Tr.im, a free URL shortening service made popular by users of Twitter, announced in a message to users Sunday that it would be closing up shop effective immediately. Why? No one could figure out how to make any money from shortening URLs.
Free shortening services – 117 were counted by this flickr user late last year – sprang up as Twitter rose to popularity, as they make it easier to share long links in Twitter's 140-character, um, Twitterverse. But when Twitter made Bit.ly its default URL shortener in May, it pretty much slammed the door on others in the market.
"There is no way for us to monetize URL shortening -- users won't pay for it -- and we just can't justify further development since Twitter has all but anointed bit.ly the market winner," a message on tr.im's site read Monday.
The news of tr.im's demise came as a shock to those (including the Horizons team) who had come to rely on the service's URL shortening and analytics. (Note to any panicked users: Your URL stats are no longer accessible, but existing tr.im URLs will continue to work through the end of the year, and a plan was reportedly in the works to save the site Monday.)
But besides the inconvenience to former users, the service's abrupt fold poses raises questions about the security of URL shorteners and even the reliability of cloud-based services.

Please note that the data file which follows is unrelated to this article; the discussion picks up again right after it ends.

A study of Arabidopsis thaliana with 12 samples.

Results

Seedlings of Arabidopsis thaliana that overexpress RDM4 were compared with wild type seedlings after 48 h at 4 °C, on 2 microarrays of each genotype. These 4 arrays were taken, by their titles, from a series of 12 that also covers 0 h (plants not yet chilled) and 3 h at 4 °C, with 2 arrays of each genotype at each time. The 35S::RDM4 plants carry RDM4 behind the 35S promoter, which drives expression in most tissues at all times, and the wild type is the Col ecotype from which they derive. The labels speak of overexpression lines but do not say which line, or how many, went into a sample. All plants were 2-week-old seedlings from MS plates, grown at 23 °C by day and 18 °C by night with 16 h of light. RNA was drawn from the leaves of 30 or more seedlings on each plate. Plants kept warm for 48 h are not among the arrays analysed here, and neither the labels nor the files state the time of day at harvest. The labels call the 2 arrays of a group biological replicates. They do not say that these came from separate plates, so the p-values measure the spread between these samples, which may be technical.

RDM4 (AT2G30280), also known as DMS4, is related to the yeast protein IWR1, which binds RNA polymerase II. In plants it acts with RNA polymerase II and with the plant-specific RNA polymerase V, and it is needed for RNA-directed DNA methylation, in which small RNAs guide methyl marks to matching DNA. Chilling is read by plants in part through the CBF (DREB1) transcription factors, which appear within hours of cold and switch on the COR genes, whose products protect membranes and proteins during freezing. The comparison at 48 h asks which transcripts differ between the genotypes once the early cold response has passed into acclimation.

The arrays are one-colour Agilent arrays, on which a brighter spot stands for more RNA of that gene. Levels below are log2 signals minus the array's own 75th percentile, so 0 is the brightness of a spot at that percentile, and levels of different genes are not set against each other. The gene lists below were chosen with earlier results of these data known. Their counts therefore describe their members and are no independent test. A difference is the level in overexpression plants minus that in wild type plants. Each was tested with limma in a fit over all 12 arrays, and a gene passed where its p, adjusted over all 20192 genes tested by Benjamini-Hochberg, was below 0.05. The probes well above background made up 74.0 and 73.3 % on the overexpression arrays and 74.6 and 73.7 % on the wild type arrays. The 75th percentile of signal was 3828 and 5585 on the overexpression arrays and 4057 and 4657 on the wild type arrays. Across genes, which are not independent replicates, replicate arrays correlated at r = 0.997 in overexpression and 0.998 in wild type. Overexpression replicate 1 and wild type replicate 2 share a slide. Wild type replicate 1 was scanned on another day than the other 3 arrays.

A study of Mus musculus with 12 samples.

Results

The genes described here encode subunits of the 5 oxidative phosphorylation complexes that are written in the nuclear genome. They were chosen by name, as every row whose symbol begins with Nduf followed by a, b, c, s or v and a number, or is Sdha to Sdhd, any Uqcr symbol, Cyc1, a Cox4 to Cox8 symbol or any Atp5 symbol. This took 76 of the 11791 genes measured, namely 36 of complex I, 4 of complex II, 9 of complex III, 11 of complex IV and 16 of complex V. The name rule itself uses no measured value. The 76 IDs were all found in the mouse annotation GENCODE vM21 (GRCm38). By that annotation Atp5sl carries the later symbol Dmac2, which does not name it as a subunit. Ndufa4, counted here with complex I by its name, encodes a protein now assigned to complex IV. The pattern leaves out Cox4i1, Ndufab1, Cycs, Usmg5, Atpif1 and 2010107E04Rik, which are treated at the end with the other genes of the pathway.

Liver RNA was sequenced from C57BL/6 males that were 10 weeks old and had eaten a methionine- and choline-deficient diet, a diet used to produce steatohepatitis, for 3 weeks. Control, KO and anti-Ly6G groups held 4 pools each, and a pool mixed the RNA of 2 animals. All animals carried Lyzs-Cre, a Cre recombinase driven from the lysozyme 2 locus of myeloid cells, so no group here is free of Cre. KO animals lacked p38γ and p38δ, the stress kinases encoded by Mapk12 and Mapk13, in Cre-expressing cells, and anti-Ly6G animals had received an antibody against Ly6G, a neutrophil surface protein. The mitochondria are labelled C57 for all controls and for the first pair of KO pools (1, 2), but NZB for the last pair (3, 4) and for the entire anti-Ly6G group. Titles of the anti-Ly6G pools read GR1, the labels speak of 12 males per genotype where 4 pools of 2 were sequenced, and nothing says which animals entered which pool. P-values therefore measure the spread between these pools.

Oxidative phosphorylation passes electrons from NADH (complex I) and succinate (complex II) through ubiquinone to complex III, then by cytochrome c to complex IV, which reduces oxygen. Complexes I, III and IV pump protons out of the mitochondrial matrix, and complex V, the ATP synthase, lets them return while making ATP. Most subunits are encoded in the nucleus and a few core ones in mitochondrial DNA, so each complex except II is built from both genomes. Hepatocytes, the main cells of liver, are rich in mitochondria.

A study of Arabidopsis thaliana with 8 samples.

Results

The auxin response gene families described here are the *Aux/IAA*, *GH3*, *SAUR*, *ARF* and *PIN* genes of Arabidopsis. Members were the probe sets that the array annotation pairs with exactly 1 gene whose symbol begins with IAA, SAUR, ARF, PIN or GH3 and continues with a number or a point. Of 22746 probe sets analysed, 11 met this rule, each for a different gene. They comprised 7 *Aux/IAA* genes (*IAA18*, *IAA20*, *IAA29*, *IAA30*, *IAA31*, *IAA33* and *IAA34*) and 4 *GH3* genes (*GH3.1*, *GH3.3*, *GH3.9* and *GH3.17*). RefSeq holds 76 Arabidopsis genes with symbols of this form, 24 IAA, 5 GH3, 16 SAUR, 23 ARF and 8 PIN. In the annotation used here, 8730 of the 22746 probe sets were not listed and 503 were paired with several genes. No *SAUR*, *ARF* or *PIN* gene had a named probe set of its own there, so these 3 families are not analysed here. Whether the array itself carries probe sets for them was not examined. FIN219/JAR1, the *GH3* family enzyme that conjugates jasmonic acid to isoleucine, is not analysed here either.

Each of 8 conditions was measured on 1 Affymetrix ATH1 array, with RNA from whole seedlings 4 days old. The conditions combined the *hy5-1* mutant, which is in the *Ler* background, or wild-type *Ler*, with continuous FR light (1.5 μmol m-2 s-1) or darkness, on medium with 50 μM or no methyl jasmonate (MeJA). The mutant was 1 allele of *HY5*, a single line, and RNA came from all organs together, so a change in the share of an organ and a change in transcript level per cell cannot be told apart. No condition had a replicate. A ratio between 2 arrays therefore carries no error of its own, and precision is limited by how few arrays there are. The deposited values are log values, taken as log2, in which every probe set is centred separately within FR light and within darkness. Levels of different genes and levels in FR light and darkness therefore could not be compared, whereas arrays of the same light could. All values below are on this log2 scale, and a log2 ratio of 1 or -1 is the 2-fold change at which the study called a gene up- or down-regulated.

Channel Web blogger Ed Moltzen says that URL shorteners are an unnecessary middleman – and a dangerous one – and should be eliminated. He cites research from antivirus firm Kaspersky: "if a service like bit.ly becomes too large, and becomes compromised, it could threaten untold numbers of computers around the world. It's hard to argue."
Developer Dave Winer, stung by tr.im's fold because products he'd developed relied on the URL shortening service, also pleaded with Twitter to develop a shortener of its own. "Twitter, when your DDoS problems are cleared up, please take a look at obviating the need for url-shorteners," he writes. "This is a harbinger of much more serious problems down the road, should bit.ly prove not to be a profitable business, as tr.im has proven."
I can’t get to my old Tweets. Seriously. They are, I’m sure, on a server somewhere in San Francisco, but I can’t get to them. Twitter search only shows the last few weeks and I’ve asked developers if they can get them but they can only get to the last few thousand Tweets."
Scoble took the fall of tr.im as a warning call to those who rely on cloud-based services to host data – whether that's documents or digital pictures. "Whenever you put your data in other people’s, or other company’s, hands you are taking a pretty significant risk," he writes.
A commenter on Scoble's lengthy blog post agreed – decrying any service that deprives users of control over their data:
...someone like me will never EVER [rely] on all this 'cloud computing' everyone keeps blathering on about! Why? Because it means that you are handing your files, your pics, your docs etc, over to others who you have actually no control over whatsoever.
While that view also has its shortcomings (a back-up hard drive in your house could just as easily fail or be stolen), it has some merit. Remember the uproar when Twitter went down last week? What if Facebook goes under? Goodbye friends, photos, pokes, and posts. Or, gulp, Google? What assurance (besides their perceived invincibility) do these free services offer users that their data won't be lost in a storm – meteorological or otherwise?